Physical Examination

Infants should be undressed completely to enable a full assessment. Vital signs are important to evaluate. For instance, tachypnea may be a clue to lower respiratory tract infection. Crying and the ease of consolability should be evaluated. Inconsolable crying, or increased irritability when handled, is frequently seen in infants with meningitis. Although fullness of the anterior fontanelle may be noted in some of these infants, other signs of meningeal irritation, such as nuchal rigidity, are most often absent. A head-to-toe evaluation should be carried out to determine whether there is a focus of infection, such as an inflamed eardrum or evidence of cellulitis.

Clinical assessment of the severity of illness of young, febrile infants is, however, problematic. Young infants lack social skills, such as the social smile, and their ability to interact with examiners is limited. There is a report in the literature of an infant with group B streptococcal bacteremia who was judged by house staff and faculty to be clinically well.12 The absence of any diagnostic abnormalities in the medical history or on physical examination suggests the need for extensive laboratory tests to detect occult infection. These tests would include a complete blood count (CBC) and differential, erythrocyte sedimentation rate (ESR), blood culture, lumbar puncture, chest x-ray, urinalysis and culture, and a stool culture if there is a history of diarrhea, particularly if leukocytes are noted on a stool smear. Some authors also recommend a quantitative C-reactive protein as an index of serious bacterial infection. 1 d8 Urinary tract infections may not produce symptoms other than fever, and so a urinalysis and culture should be included routinely in the evaluation. Urinary tract infections may be associated with bacteremia in up to 30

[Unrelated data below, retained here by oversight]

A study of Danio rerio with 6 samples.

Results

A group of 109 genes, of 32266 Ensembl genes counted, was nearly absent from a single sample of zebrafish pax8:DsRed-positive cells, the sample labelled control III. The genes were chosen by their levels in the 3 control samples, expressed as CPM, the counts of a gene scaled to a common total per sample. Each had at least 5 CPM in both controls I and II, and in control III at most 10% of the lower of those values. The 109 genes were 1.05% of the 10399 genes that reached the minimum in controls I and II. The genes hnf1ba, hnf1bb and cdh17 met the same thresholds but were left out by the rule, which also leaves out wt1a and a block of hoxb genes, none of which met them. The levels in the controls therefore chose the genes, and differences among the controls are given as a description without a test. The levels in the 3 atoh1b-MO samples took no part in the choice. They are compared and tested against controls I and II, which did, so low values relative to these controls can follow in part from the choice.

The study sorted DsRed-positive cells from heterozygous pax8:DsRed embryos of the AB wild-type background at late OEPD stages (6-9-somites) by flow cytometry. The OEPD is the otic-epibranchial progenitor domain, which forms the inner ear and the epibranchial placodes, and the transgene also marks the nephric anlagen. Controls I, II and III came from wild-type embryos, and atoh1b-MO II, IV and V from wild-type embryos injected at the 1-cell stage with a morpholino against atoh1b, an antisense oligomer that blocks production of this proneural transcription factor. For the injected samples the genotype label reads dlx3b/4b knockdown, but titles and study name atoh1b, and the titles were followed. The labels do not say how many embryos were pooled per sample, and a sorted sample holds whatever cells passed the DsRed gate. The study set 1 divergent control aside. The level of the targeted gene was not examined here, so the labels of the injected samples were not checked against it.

percent of infected infants1 25 and are the single most common bacterial infection in this age group.

The recognition of occult serious infection in well-appearing young, febrile infants is problematic. Most investigators agree that no single variable can correctly identify these infants. Combinations of variables are more helpful in the differentiation process. Criteria have been identified by a number of investigators, but are generally referred to as the Rochester criteria for low risk for serious bacterial infection in infants younger than 3 months of age. These criteria include nontoxic appearance, no soft tissue infection, white blood cells (WBCs) between 5000 and 15,000/mm 3, bands less than 1500/mm3, normal urinalysis, and stool with less than 5 WBCs/hpf (high power field) in infants with diarrhea.1 1? The risk of serious bacterial infection in the absence of these variables is about 0.2 percent.